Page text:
North Korea considers a road not taken



With the completion of North Korea’s congress, which named its leader, Kim Jong-un, chairman of the party, attention is now on changes made during the congress, what they will mean for the reclusive state and what direction state affairs will now take.

As widely expected by analysts in Seoul, the 7th Congress of the Workers’ Party of Korea (WPK) bestowed Kim, presumed to be in his early 30s, with the title of Party Chairman, a title used by his grandfather, the state founder Kim Il Sung, 67 years ago.

While Kim was already the most powerful man in the country before the congress, and bore many titles - including first chairman of the National Defense Commission and supreme commander of the Korean People’s Army - the four-day congress, convened for the first time in 36 years, was used as a venue to consolidate his grip on power.

The reshaping of the highest-decision making body of the WPK signals what could be Kim’s willingness to shift the balance of power from the military to the party in a major departure from his father, Kim Jong-il, who advocated the military-first policy known as songun throughout his 17-year rule until his death in December 2011.

Under the organizational reshuffle, the number of presidium members of the political bureau of the party’s central committee rose from three to five. The number of political bureau members of the WPK’s central committee also rose from 15 to 19, coupled with an increase in the number of alternate members to the same body, from seven to nine.

“While the strengthening of the party’s authority already began when the North made it official that Kim Jong-un was heir apparent in 2009, [the outcome of the congress] means that Jong-un has finished all preparations [for a party-centered leadership],” said Koh Yoo-hwan, a professor of North Korean studies at Dongguk University in Seoul.

Koh also noted, however, that the military will continue to have significant influence, with songun elements remaining “a basic pillar,” pointing out that the dual-track policy recently declared by Party Chairman Kim, which calls for nuclear development and economic progress, stems from a songun agenda.

The North’s military-first policy has been cited as one of the factors responsible for its economic downfall since so many resources have been diverted to the military rather than to helping the economy and raising the quality of life of its people.

The once-in-a-generation political event put 29-year-old Kim Yo-jong, Kim Jong-un’s younger sister, center stage by placing her on the 129-member roster for the WPK’s central committee, making her the highest-ranking woman in the country.

Kim’s debut on the political stage was 13 years ahead of when her aunt, Kim Kyong-hui, the younger sister of Kim Jong-il, made her political debut by entering the party’s central committee in 1988 at age 42.

While Yo-jong, who studied abroad together with her brother in Switzerland in her teens, was not named director of the Propaganda and Agitating Department of the WPK, which is responsible for the cult of personality surrounding her brother, it is expected that she will, practically speaking, run the department as its current chief, Kim Ki-nam, is 87 years old.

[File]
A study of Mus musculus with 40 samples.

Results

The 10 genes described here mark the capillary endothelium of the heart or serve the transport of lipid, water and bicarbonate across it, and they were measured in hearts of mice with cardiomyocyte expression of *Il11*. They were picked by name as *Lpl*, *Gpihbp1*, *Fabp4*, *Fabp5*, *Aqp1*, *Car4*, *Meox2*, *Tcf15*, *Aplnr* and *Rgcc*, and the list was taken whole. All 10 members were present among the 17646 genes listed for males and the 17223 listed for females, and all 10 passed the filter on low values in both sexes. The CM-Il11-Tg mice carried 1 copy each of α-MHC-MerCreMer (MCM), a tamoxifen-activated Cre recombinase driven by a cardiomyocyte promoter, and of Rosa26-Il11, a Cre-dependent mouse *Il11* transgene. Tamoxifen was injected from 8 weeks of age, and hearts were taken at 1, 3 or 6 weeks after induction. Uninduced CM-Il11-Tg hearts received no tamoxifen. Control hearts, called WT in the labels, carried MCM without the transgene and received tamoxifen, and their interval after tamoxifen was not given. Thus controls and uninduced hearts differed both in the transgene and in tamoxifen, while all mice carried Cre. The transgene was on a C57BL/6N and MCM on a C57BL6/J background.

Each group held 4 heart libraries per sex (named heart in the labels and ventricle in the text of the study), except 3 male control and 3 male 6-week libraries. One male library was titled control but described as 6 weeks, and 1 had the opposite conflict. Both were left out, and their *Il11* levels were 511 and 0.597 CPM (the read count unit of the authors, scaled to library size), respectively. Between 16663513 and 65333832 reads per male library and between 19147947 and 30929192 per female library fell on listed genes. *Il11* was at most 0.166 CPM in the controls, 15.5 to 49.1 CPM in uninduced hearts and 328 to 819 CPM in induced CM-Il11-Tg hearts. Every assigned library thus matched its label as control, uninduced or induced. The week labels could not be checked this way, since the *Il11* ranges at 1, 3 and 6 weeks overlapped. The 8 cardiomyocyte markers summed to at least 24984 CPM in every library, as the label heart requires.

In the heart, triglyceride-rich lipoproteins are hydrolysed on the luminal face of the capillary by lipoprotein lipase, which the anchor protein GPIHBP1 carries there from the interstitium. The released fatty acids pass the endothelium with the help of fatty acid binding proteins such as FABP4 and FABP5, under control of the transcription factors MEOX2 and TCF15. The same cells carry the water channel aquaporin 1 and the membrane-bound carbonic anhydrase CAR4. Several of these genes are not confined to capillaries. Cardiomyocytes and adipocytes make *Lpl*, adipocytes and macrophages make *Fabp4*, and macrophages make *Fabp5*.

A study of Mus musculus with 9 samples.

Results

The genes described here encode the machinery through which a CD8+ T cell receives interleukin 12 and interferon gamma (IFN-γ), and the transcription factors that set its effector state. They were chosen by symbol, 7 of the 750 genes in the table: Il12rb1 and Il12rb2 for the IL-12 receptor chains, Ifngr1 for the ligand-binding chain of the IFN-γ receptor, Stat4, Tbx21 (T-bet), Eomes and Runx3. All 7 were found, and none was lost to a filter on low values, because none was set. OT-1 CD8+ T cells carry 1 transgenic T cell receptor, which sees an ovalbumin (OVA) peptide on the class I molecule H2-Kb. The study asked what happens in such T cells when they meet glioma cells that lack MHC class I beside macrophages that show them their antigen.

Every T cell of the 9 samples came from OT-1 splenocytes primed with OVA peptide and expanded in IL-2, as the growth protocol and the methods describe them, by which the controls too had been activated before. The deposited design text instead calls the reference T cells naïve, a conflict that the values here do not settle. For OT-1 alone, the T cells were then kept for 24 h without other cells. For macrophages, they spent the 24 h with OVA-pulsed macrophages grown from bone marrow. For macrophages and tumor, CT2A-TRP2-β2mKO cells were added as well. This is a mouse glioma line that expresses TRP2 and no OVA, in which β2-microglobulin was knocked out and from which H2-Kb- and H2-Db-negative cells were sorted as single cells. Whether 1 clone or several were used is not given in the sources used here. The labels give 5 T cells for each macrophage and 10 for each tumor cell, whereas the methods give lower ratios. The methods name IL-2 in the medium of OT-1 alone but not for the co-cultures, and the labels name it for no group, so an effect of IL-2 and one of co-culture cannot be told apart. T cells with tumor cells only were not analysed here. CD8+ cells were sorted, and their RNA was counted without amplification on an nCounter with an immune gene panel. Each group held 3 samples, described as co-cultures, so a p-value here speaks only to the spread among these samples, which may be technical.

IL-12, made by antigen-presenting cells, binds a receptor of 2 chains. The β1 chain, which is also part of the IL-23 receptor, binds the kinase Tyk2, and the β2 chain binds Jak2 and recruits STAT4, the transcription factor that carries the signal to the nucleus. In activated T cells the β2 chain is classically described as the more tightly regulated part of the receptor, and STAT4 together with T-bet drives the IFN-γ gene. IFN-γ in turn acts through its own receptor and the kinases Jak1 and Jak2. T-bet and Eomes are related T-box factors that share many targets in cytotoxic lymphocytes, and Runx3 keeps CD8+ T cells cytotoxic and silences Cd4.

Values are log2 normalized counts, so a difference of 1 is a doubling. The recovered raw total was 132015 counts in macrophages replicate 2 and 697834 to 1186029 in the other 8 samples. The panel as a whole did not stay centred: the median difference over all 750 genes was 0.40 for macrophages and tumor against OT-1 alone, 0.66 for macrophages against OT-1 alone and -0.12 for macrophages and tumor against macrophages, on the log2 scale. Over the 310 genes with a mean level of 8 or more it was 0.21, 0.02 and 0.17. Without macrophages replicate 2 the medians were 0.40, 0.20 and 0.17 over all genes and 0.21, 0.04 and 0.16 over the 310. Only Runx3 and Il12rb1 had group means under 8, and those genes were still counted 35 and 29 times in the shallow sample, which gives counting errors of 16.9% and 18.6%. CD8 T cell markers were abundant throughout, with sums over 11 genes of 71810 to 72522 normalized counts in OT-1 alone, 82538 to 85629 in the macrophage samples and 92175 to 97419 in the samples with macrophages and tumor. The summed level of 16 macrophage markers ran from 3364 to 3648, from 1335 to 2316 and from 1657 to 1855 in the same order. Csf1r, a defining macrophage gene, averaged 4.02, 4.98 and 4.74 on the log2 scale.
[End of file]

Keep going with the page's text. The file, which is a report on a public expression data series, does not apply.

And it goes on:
The congress was also a reminder to the outside world of how difficult it can be for foreign journalists to cover the autocratic regime from within. North Korean officials were attached to every member of foreign media crews in order to monitor their activity and demand deletion of footage they deemed disrespectful and insulting to the Kim leadership.

North Korea expelled a team of three BBC crew members on Monday (who were already at the airport on their way out of the country) without elaborating on what had offended officials, other than to say that their reports were insulting to the country’s leader.

BBC journalist Steve Evans, who was not expelled, said in a video report posted on May 6 on the BBC website, “I was followed to the urinal in one case,” adding, “it has been a very difficult and tense relationship.”

“Control doesn’t begin to describe the situation,” he said.

The conclusion of the seventh congress without a fifth nuclear test, which the North was expected to carry out to mark the event, and Chinese President Xi Jinping’s congratulatory message for the occasion, appears to suggest the easing of tensions between the two communist allies.

Relations between the two had grown chilly after the North ignored China’s repeated warnings against nuclear tests, two of which were carried out in the past three years under Kim Jong-un’s watch.

“The fact that President Xi sent a timely message of congratulation to Kim Jong-un can be seen as his reward for Pyongyang for accepting Beijing’s demand that it not push ahead with the fifth nuclear test,” said Cheong Seong-chang, a senior fellow at the Sejong Institute, a policy think tank.

“As the two made conciliatory gestures, with the party congress acting as momentum, there is an increased possibility that China will soften its sanctions on North Korea and head toward a gradual improvement in relations.”

Backing the assessment that Pyongyang held off on another nuclear test at China’s urging, 38 North, a site run by the U.S.-Korea Institute at Johns Hopkins University’s School of Advanced International Studies, reported Tuesday that “There are no apparent signs that a detonation will occur in the near future,” based on a satellite image of North Korea’s Punggye-ri nuclear site in North Hamgyong Province from Sunday.

The website also noted that vehicles, which had been observed as late as Thursday at what was considered to be the command center, were “no longer present” in the imagery taken three days later.